WORDS PARITA PATEL
PHOTOGRAPHS VINOBHA NATHAN
GREAT FROM Bangalore, Mumbai, Chennai
GREAT FOR All sorts of outdoor fun
You’re floating on the Sharavathi River and the winter sun is lulling you to close your eyes and enjoy bobbing on the gentle waves with the mountains rising up from all sides. What makes the moment even more perfect is when Nomito Kamdar of the Indian Institute of Adventure Applications (IIAA) tells you that the pied hornbill, which just flew past, is slowly returning to the Sharavathi Valley. This sweet spot where watersports meets conservation makes even a couple of days in Honnemardu time well spent.
The campus is your base, so you eat, sleep and do all the activities around here. But before you start packing your bags, you should know that the facilities here are very basic. You have to be the grown-up that you are and, except for cooking your meals, do everything on your own. That means cleaning up after yourself as well as roughing it out. Welcome to adulthood; you’ll love it here!
IIAA was started 25 years ago with the goal of conserving the biodiversity of the Western Ghats and using the outdoors as a platform for learning. Run by The Adventurers, ‘a wilderness school’ and managed by Dr SLN Swamy and Nomito Kamdar, the activities push you and demand more of you.
The unpolluted waters of the Sharavathi River host many activities. Pick from coracling, kayaking, wind surfing and sailing and spend the better part of the day in the water. You’re likely to experience a range of emotions – some for the first time here. It could be anxiety: will the coracle topple and ruin your expensive camera? Uncertainty: can you kayak on your own; exhilaration: yes, you can! And an ‘Aha!’ moment when you realise that few things compare to the joy of being outdoors. But, if the water doesn’t excite you at that moment, take a rain check and head for the hills. There are several guided treks you can take, the closest one being to the Bhimanahejje Hill, which offers beautiful views of the Sharavathi River’s backwaters. En route, you learn about how banning plastic and taking back any trash you generate has meant that this tiny corner of the Western Ghats can truly be described as pristine.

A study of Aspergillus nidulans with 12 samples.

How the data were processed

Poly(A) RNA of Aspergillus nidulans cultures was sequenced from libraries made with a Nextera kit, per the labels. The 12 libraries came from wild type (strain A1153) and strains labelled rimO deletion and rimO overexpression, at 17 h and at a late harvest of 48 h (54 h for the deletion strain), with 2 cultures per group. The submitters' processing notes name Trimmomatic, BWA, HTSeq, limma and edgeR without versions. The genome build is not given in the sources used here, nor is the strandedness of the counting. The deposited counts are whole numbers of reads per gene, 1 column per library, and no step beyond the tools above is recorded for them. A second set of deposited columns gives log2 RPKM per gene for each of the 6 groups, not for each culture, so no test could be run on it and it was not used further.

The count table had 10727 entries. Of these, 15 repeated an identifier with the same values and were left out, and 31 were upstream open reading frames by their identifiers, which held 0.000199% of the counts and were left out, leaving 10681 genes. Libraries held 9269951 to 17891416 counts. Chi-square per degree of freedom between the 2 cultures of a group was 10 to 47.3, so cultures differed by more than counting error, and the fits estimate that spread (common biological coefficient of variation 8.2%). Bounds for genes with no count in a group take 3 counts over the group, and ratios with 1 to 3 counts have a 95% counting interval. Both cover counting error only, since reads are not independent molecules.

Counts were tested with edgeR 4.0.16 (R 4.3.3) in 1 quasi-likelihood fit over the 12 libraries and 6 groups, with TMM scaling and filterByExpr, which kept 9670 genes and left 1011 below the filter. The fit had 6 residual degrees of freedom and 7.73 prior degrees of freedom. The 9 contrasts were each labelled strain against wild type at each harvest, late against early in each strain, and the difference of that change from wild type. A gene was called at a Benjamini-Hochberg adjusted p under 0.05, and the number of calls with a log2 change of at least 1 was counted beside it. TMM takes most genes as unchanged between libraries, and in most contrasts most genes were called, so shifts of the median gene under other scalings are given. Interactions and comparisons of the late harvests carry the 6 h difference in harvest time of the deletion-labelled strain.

As you’re here to enjoy everything that nature has to offer, you spend the night camping out on an island. The staff packs your dinner and you’re off in a coracle. With the sun setting in the background, pitching the tents feels less like a task and more like a fun activity. When you set out to collect firewood, beginning with twigs and moving up to thick branches, you realise the exercise is a survival guide that would make Bear Grylls proud. He’d love it even more as there’s no glamping here and you’re truly one with the elements.
More surprises await in this region, like the 16th-century Aghoreshvara Temple, which is a lesson in the Nayaka style of architecture. If you have a few extra hours, learn the basics of the local chittara art. While it can be confused for Warli art, chittara places more of an emphasises on geometry. Chandrashekhar Gowrichandrashekhar runs Chitrasiri from his home and exhibits and sells paintings too. Who knew the little village of Honnemardu hid such a fount of art, adventure and architecture?